Filed in July by a group of nearly 30 employees of Whole Foods, which Amazon owns and operates directly, along with one who works for Amazon, the proposed class action suit alleges discrimination and retaliation against people who wore masks in support of the Black Lives Matter movement.
Despite an alleged history of allowing workers to show support for other beliefs with their attire, like LQTBQ+ rights and the National Rifle Association, and what is claimed to be lax enforcement of a dress code, workers contend in the suit that they were reprimanded and sent home when they refused to change masks in support of Black Lives Matter. One worker was even allegedly fired for wearing such a mask and organizing other workers to do so, according to the complaint.
But Amazon, named as a defendant in the case, is arguing the suit lacks standing, namely because the plaintiff that it employs, who claims to have been sent home from work without pay for wearing a Black Lives Matter mask, did not go to the Equal Employment Opportunity Commission first. The multibillion dollar e-tailer said the plaintiff is required to get a letter to file suit from the EEOC before heading to the courts.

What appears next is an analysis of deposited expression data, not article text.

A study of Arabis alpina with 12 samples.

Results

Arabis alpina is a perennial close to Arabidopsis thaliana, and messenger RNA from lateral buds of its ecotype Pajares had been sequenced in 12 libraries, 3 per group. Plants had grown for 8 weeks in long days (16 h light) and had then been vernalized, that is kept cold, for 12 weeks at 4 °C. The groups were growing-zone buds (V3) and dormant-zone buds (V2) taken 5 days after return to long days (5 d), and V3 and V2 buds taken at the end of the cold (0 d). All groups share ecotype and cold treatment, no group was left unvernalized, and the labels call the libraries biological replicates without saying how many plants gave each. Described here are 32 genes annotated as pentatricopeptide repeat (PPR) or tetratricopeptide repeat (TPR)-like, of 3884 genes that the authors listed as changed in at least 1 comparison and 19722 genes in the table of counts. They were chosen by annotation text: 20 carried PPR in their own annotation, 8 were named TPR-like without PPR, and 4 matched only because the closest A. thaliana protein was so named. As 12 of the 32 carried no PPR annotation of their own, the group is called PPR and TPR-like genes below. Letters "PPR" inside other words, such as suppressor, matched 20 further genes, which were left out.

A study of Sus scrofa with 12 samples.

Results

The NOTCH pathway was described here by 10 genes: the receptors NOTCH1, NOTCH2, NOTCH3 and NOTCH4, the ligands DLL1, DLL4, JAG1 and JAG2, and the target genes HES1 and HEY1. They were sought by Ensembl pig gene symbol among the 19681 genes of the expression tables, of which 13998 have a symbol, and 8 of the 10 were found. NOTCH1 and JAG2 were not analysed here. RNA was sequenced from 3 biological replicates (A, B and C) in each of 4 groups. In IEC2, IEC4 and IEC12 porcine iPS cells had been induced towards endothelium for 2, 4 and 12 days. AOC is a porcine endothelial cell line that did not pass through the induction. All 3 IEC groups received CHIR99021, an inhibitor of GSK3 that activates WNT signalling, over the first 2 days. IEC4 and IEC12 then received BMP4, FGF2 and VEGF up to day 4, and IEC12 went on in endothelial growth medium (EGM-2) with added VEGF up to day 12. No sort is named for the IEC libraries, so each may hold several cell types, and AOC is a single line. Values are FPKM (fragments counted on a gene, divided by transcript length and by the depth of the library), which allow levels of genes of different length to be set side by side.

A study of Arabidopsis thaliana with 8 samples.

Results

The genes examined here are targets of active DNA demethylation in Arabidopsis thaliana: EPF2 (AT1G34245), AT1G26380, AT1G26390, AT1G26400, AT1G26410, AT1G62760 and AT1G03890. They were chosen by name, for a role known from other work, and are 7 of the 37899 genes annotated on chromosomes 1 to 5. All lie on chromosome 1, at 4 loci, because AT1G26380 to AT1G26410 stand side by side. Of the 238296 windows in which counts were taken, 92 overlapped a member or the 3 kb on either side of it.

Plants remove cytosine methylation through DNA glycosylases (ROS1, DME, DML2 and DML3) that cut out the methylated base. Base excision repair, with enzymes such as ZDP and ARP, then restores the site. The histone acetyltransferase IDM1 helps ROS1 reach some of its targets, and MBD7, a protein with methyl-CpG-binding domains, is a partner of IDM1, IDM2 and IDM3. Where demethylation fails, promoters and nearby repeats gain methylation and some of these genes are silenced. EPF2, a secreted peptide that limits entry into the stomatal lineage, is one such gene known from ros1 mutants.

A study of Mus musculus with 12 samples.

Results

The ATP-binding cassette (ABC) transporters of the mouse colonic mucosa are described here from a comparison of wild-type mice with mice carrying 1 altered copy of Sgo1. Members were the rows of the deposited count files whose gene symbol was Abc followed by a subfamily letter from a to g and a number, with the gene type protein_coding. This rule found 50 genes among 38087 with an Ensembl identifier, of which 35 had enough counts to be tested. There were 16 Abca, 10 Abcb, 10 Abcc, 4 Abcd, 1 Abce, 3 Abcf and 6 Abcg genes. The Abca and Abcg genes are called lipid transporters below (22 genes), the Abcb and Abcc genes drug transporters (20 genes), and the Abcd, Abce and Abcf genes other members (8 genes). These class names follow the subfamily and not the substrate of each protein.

“As a threshold matter, [plaintiff’s] failure to satisfy Title VII’s prerequisites to the commencement of litigation bars her claims,” Amazon wrote in its filing, citing the Constitutional amendment on discrimination. “She has not even commenced the administrative process, let alone received a letter from the EEOC authorizing her to file a lawsuit.”
While four other Whole Foods workers have filed with the EEOC, the group said in its complaint that it went ahead and filed the lawsuit, seeking an injunction on the alleged retaliation and prohibition of BLM masks, due to the “urgent circumstances.”
The company, which employs some Prime workers in Whole Foods stores across the country, argued it is simply enforcing a dress code that applies to all workers, not singling out anyone for their race, their support of Black people, or their protesting of racial violence, as the lawsuit claims.
“Title VII protects employees from discrimination on account of their race,” Amazon wrote. “It does not confer a right to display a political or social message on an employee’s clothing.”
Amazon went on to argue that the plaintiff it employs is not arguing she was singled out because of her race, nor does she identify her race in the complaint.
“[Plaintiff’s] only purported protected conduct was the violation of a legitimate, race-neutral dress code policy,” Amazon wrote. “The EEOC’s guidance on Title VII’s anti-retaliation provision clearly provides that employees are not engaged in protected activity unless they oppose perceived employment discrimination ‘in a reasonable manner,’ and it instructs courts to balance the employee’s rights against the employer’s need for a stable and productive work environment.”
Amazon asked the court to dismiss all the claims against it “in their entirety.”